Monkeypox cases in the United Kingdom are doubled to 20 since early May, and many suspected cases are being also investigated in the United States.
The outbreaks represent a rare appearance of the disease in Europe and North America. Monkeypox has been known from Central and West Africa since 1970, according to the Centers for Disease Control and Prevention (CDC). It causes fever, muscle aches, chills and full-body, chickenpox-like rash made up of fluid-filled pustules.
The disease is related to smallpox, and health officials have tackled previous, travel-related spread of monkeypox with a strategy called “ring vaccination.” Close contacts of a person with the disease are vaccinated with the smallpox vaccine. The smallpox virus is related to the monkeypox virus, and vaccination with the smallpox vaccine is at least 85% effective against monkeypox, according to the reports.
Health officials are currently trying to work out the chain of transmission behind the new clusters of the disease. The number of confirmed cases in the U.K. rose from nine to 20 on Friday (May 20).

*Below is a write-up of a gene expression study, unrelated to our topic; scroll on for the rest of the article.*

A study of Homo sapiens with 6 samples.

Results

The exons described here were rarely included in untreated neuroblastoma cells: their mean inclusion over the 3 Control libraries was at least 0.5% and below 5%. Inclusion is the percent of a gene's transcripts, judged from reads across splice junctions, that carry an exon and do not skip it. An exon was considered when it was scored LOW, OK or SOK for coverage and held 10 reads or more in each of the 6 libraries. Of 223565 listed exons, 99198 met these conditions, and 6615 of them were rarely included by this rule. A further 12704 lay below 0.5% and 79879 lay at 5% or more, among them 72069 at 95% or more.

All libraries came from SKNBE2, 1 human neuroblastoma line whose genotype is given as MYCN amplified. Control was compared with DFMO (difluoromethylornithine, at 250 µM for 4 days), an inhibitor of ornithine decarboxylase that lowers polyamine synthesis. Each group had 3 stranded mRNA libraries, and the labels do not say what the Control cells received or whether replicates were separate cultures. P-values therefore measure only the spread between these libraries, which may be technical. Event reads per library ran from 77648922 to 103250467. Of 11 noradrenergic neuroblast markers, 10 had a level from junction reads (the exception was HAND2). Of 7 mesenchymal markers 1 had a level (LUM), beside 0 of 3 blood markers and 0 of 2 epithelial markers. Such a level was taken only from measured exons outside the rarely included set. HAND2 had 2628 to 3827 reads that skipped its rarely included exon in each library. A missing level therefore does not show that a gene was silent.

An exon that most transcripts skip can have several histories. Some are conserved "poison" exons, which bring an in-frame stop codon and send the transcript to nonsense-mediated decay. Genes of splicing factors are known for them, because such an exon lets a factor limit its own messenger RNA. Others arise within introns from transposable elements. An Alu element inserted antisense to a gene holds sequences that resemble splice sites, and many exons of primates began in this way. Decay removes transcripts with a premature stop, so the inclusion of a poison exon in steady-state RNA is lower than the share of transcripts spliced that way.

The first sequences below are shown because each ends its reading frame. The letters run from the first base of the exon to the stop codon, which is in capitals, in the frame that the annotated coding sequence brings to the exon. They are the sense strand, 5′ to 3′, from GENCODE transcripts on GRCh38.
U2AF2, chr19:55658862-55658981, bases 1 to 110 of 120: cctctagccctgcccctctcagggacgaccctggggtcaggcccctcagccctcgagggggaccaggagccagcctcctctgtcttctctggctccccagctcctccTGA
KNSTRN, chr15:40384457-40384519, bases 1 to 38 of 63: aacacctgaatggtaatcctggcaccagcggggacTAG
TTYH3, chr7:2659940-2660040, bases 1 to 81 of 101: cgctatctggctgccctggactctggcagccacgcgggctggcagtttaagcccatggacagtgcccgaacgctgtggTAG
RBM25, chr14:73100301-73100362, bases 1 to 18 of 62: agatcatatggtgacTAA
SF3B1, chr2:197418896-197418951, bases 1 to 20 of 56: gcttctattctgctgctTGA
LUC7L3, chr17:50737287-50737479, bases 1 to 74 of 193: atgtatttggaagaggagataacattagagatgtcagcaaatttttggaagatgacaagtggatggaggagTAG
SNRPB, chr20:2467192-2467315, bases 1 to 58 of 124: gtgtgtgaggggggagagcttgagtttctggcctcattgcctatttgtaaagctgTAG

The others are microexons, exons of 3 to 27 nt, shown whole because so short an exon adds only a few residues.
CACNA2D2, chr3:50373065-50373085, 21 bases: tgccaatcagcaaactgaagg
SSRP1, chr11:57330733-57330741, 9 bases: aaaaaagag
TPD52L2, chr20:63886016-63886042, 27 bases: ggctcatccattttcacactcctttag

Monkeypox typically requires sustained contact with an infected person in order to spread, according to the CDC. In most cases, the disease resolves on its own, though the fatality rate in modern times has ranged between 3% and 6%, according to the World Health Organization.
There are two distinct strains of the virus. The Congo strain, which is more virulent, has historically killed up to 10% of people infected, while the West African strain causes fatalities in 1% of cases. Genetic sequencing has revealed that the strain found in the U.K. is the less-deadly West African version of the virus.
According to the WHO, there were two cases of monkeypox in the United States in 2021, both related to recent travel to Nigeria, which has been experiencing an outbreak since 2017.
The last significant outbreak of monkeypox in the United States was in 2003, when 47 human cases were linked to pet prairie dogs that caught the virus after an Illinois pet vendor housed them near the cages of small African mammals.